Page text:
The US Securities and Exchange Commission, or SEC, is going ahead with its efforts to compensate Longfin Corp investors.
$26 Million Planned For Investor Distribution
On the 22nd of May, 2020, the SEC had submitted a proposed distribution plan at the Southern District Court of New York. This plan runs alongside a Motion from the SEC for an Order To Show Cause. This Order is in regards as to why the Court should not approve the proposed plan, to begin with.
This plan, in particular, will see more than $26 million distributed to compensate the investors that partook in the common stocks of Longfin Corp.
A Bit Of History
It was back on the 4th of April, 2018, when the SEC first started its action against Longfin Corp. Alongside the company stood Amro Izzelden Altwahwi, Venkata S. Meenavilli, Dorobabu Penumarthi, and Suresh Tammineedi.
According to the allegations from the commission, the defendants had raised more than $27 million through an unregistered distribution of Longfin Securities. This, of course, is in direct violation of Section 5 of the Securities Act of 1933. This Act explicitly prohibits the sale of unregistered securities, unless a specific exemption is applied under the Federal Securities Laws.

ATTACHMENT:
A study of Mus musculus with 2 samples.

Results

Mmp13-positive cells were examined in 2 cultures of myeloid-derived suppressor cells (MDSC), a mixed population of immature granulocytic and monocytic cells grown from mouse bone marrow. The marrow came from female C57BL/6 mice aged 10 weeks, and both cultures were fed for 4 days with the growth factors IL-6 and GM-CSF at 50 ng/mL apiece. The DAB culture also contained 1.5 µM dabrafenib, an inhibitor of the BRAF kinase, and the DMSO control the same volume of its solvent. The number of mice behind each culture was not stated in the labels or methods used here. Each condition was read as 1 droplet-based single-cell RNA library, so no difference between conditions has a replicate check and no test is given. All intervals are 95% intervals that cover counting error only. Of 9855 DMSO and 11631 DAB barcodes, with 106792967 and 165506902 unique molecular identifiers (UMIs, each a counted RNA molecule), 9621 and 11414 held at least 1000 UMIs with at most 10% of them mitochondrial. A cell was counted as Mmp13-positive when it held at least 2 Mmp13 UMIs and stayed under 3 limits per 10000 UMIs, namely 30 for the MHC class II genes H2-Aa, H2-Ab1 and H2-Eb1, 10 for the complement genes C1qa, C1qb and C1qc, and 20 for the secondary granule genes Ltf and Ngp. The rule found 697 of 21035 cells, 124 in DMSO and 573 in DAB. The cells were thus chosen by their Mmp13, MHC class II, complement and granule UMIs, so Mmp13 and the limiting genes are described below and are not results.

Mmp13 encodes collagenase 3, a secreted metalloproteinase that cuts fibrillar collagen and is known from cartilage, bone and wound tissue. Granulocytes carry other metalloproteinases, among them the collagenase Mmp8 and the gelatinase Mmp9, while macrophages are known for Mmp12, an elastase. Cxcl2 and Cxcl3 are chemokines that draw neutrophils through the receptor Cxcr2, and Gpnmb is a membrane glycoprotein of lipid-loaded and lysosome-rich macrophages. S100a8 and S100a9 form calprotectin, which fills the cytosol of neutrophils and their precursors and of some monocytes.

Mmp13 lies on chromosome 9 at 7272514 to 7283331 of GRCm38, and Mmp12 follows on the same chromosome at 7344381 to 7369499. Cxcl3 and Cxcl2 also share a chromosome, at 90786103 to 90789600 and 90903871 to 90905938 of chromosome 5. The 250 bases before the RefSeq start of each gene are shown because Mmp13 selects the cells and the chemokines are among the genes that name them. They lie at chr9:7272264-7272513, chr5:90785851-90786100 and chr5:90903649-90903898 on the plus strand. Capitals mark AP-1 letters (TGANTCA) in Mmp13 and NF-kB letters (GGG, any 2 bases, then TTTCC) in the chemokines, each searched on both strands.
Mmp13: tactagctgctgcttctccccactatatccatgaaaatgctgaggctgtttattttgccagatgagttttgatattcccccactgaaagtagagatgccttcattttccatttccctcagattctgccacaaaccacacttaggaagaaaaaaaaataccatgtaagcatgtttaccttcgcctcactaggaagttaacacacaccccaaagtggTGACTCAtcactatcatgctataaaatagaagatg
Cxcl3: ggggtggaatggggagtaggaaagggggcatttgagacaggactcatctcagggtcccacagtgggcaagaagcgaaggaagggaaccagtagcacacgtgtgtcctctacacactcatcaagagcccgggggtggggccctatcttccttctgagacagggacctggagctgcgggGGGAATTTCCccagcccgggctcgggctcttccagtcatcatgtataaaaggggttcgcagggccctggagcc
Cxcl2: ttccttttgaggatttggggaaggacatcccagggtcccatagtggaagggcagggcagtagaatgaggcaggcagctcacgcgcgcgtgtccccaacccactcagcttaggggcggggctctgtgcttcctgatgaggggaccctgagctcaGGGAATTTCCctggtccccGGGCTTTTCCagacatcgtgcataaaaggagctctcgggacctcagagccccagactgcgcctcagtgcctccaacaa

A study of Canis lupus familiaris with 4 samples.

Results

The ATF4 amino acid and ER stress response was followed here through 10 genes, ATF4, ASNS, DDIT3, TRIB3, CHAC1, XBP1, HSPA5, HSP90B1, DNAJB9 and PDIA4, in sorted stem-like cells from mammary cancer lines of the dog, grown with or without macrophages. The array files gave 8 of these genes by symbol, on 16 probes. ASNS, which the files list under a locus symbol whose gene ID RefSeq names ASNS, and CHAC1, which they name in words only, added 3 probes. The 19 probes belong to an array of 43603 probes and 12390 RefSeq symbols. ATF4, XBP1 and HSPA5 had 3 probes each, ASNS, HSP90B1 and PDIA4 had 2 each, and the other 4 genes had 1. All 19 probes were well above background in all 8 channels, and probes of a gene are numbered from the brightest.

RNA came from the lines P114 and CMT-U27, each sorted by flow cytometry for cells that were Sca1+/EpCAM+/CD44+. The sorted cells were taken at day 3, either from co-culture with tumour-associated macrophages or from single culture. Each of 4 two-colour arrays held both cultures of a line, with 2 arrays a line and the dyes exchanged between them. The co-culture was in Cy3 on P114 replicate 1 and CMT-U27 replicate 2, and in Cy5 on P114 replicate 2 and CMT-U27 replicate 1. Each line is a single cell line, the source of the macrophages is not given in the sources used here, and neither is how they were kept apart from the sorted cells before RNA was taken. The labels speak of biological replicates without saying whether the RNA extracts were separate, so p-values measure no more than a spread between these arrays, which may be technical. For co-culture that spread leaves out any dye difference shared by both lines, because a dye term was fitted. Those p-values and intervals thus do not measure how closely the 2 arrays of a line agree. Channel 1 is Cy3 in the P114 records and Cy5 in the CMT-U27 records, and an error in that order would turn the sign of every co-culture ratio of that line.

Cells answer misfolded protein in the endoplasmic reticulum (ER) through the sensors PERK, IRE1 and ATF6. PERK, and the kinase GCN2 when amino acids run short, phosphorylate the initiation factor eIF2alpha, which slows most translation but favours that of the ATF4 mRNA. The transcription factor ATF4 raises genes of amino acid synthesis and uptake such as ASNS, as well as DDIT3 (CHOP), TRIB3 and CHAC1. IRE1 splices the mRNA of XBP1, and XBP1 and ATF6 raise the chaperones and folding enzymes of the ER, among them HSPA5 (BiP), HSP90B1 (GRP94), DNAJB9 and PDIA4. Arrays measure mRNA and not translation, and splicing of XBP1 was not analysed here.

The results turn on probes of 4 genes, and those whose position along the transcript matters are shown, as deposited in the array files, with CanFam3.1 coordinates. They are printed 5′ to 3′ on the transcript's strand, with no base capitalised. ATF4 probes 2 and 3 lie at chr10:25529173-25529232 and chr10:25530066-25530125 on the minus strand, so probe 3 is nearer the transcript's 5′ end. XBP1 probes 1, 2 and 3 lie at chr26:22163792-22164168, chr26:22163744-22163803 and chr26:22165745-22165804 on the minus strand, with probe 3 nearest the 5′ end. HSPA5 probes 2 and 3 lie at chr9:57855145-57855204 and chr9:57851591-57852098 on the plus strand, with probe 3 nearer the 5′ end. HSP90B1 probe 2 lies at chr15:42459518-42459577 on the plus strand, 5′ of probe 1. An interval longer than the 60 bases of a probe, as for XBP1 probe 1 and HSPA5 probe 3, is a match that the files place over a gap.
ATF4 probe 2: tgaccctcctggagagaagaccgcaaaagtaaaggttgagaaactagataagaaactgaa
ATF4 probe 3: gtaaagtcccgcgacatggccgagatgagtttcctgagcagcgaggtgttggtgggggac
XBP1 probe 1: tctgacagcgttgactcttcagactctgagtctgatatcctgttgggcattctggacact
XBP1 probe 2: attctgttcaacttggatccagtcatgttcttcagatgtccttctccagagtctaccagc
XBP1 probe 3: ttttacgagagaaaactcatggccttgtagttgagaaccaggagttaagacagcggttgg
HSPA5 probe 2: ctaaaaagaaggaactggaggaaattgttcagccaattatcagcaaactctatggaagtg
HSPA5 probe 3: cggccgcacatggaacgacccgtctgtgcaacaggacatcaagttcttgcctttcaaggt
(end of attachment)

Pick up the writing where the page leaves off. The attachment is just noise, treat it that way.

As the complaint states, Meenavalli, the CEO and controlling shareholder of Longfin, had issued more than two million in restricted, unregistered shares to Altahawi. Altahawi stood as the director and corporate secretary of Longfin. Meenavalli distributed tens of thousands of these restricted shares to two other affiliated individuals as well: Tammineedi and Penumarthi.
A Small Silver Lining
All these individuals waited until just after Longfin had started trading on NASDAQ. During this time, the company announced an acquisition of a purported crypto firm. After the announcement, all parties besides Meenavalli then proceeded to sell their restricted longfin shares in bulk, doing so as the stock price was elevated. It’s estimated that the profits were in excess of $27 million.
The Court has since entered the final judgment stages against all clients involved. In short, the Court ordered all the defendants to pay disgorgements worth $22,862,377.23, in aggregate, as well as further civil penalties worth $3,582,941.97. In total, this means a monetary liability of $26,445,319.20 that the Defendants must pay.
Of this amount, however, the Defendants have already paid an approximate 26.1 million, which had been deposited within an interest-bearing account within the Bureau of Fiscal Service of the US Treasury. Each of these final judgments had provided that the SEC may start proposing a plan on distributing the collected funds to the investors who suffered damages.